Following a telecom company's federal lawsuit, the government can no longer send National Security Letters
A federal judge late last week ordered the government to stop issuing “national security letters” (NSLs) – demands for data that contain gag clauses, preventing recipients from disclosing their existence or contents. U.S. District Judge Susan Illston in San Francisco ruled that the the secretive demands for customer data violate the First Amendment.
Last year the FBI sent out more than 16,000 of the letters relating to the private data – mainly financial, internet or phone records – of more than 7,000 Americans. The agency began issuing NSLs in 2001, when Congress passed the Patriot Act. However, critics have long argued that the use of NSLs has extended beyond its intended counter-terror purpose. The judge noted in her decision that “too large a danger that speech is being unnecessarily restricted” with the letters and their non-disclosure clause.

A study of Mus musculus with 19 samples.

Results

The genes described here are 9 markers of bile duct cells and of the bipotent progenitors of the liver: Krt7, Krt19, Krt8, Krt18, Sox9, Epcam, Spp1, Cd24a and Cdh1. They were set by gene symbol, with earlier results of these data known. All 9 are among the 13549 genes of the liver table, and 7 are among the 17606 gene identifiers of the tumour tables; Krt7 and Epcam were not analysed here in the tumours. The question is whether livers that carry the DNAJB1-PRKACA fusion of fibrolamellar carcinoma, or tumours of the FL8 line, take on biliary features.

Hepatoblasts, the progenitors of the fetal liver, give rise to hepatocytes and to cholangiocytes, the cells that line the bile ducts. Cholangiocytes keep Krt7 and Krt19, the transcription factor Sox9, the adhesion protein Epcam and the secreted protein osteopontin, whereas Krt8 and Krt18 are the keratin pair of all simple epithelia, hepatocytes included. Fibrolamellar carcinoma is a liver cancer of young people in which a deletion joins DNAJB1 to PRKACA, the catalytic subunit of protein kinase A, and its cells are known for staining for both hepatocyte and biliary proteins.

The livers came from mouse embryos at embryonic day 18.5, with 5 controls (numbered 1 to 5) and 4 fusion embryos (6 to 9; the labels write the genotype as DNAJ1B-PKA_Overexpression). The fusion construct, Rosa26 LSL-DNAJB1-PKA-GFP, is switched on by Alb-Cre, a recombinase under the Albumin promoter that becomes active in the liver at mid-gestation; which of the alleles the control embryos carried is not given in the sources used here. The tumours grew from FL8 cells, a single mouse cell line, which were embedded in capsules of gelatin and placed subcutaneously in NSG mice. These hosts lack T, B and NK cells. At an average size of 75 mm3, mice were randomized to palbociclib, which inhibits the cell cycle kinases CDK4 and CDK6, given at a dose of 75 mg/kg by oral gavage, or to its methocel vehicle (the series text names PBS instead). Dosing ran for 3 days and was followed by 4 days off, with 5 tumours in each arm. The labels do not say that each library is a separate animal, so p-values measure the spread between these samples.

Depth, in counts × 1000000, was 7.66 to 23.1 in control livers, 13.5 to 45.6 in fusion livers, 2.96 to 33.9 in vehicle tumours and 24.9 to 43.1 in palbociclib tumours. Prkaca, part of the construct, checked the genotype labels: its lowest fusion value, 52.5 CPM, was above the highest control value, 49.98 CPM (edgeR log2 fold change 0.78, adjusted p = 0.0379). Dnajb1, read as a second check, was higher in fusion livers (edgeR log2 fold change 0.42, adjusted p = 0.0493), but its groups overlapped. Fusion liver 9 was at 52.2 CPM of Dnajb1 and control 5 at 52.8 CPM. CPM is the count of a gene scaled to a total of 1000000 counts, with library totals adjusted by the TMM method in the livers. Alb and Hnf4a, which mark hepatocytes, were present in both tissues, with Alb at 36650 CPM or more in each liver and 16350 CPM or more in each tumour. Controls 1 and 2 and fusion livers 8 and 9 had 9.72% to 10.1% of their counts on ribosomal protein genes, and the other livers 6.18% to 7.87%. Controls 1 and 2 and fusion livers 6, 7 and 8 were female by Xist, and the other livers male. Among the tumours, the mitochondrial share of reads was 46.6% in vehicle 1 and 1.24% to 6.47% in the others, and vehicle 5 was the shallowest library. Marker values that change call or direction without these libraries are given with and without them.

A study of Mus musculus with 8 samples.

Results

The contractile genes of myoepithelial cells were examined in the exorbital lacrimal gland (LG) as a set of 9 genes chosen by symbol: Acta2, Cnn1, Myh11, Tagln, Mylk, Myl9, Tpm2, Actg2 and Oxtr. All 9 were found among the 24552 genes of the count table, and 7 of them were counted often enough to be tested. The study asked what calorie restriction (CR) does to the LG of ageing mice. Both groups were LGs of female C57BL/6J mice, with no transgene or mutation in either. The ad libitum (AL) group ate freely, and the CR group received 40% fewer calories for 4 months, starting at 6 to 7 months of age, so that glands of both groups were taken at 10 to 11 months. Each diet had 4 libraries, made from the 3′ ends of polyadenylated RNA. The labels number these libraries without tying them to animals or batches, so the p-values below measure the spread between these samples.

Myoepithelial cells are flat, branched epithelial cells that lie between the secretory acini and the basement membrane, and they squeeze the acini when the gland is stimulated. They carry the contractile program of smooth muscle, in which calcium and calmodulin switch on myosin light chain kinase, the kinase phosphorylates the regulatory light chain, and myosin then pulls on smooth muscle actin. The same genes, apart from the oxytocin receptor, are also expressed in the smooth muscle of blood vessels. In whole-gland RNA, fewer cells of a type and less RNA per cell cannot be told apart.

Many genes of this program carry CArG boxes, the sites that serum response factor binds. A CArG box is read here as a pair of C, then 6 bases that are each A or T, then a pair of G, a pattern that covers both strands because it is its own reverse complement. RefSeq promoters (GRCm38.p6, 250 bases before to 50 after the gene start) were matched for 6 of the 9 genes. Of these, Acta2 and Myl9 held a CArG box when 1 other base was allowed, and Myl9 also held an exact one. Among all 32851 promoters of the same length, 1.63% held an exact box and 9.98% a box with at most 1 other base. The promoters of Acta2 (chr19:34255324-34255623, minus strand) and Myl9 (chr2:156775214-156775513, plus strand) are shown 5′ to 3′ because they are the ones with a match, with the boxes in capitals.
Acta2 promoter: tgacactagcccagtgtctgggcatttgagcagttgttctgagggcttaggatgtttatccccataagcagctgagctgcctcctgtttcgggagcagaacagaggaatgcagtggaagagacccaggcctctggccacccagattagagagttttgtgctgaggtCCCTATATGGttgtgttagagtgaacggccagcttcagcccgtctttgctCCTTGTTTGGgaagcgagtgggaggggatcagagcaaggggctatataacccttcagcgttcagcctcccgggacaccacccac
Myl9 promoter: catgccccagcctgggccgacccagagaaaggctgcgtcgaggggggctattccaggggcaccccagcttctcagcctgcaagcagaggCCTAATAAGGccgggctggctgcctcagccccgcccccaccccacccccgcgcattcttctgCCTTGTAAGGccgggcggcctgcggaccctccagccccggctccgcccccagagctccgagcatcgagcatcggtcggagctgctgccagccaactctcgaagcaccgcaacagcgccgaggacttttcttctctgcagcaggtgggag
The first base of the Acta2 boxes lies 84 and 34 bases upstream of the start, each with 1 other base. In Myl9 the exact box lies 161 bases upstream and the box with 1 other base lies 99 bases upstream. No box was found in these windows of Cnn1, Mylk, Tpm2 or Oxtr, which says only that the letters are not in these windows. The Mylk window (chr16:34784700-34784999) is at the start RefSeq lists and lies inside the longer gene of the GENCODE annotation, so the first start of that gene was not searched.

Since the decision, it has come to light that California-based telecom firm Credo likely the plaintiff in the lawsuit challenging NSLs (lawyers with the EFF filed the suit in 2011 on behalf of an anonymous company). Credo’s CEO released a statement praising the ruling:
“This ruling is the most significant court victory for our constitutional rights since the dark day when George W. Bush signed the PATRIOT Act ,” said Michael Kieschnick, CEO of CREDO Mobile. “This decision is notable for its clarity and depth. From this day forward, the U.S. government’s unconstitutional practice of using National Security Letters to obtain private information without court oversight and its denial of the First Amendment rights of National Security Letter recipients have finally been stopped by our courts.”
Natasha Lennard is an assistant news editor at Salon, covering non-electoral politics, general news and rabble-rousing. Follow her on Twitter @natashalennard, email email@example.com. More Natasha Lennard.